Central Baptist Church of Southington Connecticut



  • Jim Townsley
  • May 10, 2008

The manner in which churches operate is constantly changing. Some of these changes seem beneficial to the church while others prove to be harmful. We enjoy many advantages in our modern-day society that would be difficult to relinquish. Who would prefer outhouses rather than indoor plumbing? Who would rather saddle the horse or hitch-up the buggy and travel an hour in inclement weather to attend a church service? Who would prefer a hand-held fan to air-conditioning? I'm sure we all agree many of our modern conveniences would be sorely missed. Though new technology always seems advantageous at first, we must be reminded that over time, with proper scrutiny we see that technological advances often come with adverse effects. Initially, the television seemed to provide a tool to spread the gospel more effectively than ever before possible. However, with it has come a polarizing form of entertainment that has thwarted the church of God. The TV can be a tool for evangelism, but its long term effect has created great harm to the American family and to the Christian life. The automobile is one of the most life-changing inventions of the twentieth century. Our church buses provide transportation for children to attend Sunday school and many souls have been saved as w result. People can commute to church quickly, conveniently and from great distances. Yet the structure of our homes has changed by commuters fighting traffic on the freeway and parents transporting their children to a myriad of activities. Perhaps the automobile has done more to change our society than any other modern invention. Many homes are not better with all the new technology. Some are much worse.

Other than the automobile, the computer has changed life more than anyone could have ever imagined. It has changed our telephones to become instant means of communication and it has provided the world wide web where volumes of information can be gathered in a moment. Unfortunately, it has also provided access to worldliness and impurity. In addition, it has also become a time waster. Preachers must be careful not to spend all their time blogging and perfecting their web site while the world is going to hell. We are prone to believe that new technologies are always better than the old. Tim Challies rightly states, "Every technology brings with it both risk and opportunity; every technology solves some problems while also introducing new ones, it opens up new opportunities even while imposing some new kinds of limitation."

Every young man starting a church and pastoring in this new century must weigh the risks and rewards of all new technology. I would remind every reader that the days of great revival occurred without most of our modern technology. I am not suggesting to avoid the use of technology, merely to realize the limitation of it. New technology must never be allowed to replace the guiding and working of the Holy Spirit in our lives. Take into consideration that no technology can replace old fashioned soul-winning, prayer, and biblical preaching. To stray from our roots of fundamentalism only leads to failure.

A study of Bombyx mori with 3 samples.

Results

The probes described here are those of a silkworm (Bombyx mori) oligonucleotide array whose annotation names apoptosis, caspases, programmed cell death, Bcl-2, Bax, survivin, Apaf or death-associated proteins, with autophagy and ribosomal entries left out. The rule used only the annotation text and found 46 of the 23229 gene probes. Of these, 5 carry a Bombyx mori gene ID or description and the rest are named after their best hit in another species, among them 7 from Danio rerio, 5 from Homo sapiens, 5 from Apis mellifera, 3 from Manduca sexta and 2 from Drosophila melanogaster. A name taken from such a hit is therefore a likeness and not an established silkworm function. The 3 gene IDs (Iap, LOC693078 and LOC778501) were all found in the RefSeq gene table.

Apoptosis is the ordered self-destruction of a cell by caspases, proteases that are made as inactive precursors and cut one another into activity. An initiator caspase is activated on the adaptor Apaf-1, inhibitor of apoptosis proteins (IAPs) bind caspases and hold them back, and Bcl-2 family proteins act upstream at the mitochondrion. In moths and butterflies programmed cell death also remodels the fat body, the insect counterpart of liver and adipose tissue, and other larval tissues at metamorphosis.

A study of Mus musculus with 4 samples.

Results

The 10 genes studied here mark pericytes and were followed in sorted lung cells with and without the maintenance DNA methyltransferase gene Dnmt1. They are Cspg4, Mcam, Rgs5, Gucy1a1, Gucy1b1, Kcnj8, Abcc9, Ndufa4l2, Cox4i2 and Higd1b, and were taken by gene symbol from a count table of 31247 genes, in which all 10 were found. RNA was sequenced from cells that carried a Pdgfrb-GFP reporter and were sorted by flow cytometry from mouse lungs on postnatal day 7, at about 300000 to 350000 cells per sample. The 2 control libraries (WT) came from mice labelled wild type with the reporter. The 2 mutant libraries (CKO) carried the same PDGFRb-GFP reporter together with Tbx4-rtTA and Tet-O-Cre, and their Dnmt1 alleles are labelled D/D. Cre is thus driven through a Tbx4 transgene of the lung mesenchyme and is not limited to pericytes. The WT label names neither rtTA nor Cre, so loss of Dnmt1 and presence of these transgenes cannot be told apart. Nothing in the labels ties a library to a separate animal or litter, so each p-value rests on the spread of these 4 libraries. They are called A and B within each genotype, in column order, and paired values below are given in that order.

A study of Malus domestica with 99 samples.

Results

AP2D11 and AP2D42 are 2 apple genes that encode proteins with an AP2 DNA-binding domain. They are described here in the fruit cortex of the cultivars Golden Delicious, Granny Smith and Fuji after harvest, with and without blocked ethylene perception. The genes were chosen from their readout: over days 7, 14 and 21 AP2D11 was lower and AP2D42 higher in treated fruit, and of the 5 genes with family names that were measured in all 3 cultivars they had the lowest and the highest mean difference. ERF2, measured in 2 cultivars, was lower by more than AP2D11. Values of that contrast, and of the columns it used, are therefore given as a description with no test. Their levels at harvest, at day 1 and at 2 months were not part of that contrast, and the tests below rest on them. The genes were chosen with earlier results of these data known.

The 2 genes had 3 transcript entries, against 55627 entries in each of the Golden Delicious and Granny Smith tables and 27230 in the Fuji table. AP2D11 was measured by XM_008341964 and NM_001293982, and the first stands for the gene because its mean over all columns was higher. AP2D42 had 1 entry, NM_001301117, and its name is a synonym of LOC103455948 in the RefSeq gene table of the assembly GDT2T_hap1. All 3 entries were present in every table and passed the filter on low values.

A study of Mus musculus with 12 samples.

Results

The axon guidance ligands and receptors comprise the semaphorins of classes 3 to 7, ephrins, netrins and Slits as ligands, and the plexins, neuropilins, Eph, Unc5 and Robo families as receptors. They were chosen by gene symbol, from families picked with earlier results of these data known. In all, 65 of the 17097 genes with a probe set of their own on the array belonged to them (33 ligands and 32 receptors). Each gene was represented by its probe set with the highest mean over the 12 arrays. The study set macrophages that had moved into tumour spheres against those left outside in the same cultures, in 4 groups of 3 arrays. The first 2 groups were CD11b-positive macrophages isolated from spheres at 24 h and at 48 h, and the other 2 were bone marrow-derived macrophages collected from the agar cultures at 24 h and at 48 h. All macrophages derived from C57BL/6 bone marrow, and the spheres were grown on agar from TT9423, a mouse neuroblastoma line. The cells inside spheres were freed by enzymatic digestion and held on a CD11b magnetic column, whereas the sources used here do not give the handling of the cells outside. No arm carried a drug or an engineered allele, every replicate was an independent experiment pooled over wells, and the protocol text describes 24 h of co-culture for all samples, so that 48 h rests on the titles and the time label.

Having warned you of the risks, let me now recognize that there are tools afforded to us that can aid our ministry. Are there tools to aid in the starting of a new church that can be beneficial? The simple answer is, yes. Designing and operating a web site has become the primary means of people finding a church. Every new church should have one and it should be professionally designed and maintained. Digital printing is now available and can be priced and purchased on the internet from anywhere in the country. Post cards can be designed and mailed for you to any select group of people or to a town of your choice. This is a far cry from the old mimeograph machine my wife operated and the old addressing machine that weighed 500 pounds. A GPS is useful for volunteers to find the streets to canvass and Google maps can be printed from a personal PC and updated as every home on each street is contacted. Also communication can be made by cell phones to keep people connected so that while canvassing an area no one is ever far from help.

The preacher's sermon preparation has been greatly influenced by technology. Sermon material is easily accessible by computer programs and commentary material is only a click away. Sermons can be printed on a word processor and texts copied and pasted to it. Preachers must be careful today to actually study the Bible rather than copying and pasting material. There is no excuse for any preacher of God simply to copy and paste complete sermons from internet resources. There is a big difference between finding resource material, helpful comments, and sermons ideas, rather than copying someone else's sermon. Even with today's technology, I find myself spending more time in study, so as not to cheat my members from the spiritual help they seek.

In the coming years more technology will come and with it will come additional risks. Every preacher must carefully weigh those risks and benefits and in the end recognize that all that is new in not necessarily better. At times I desire to regress to the "good ole days" when life was simple and the home more intact. But, we do live in the twenty-first century and it is our responsibility to properly evaluate and balance these new trends.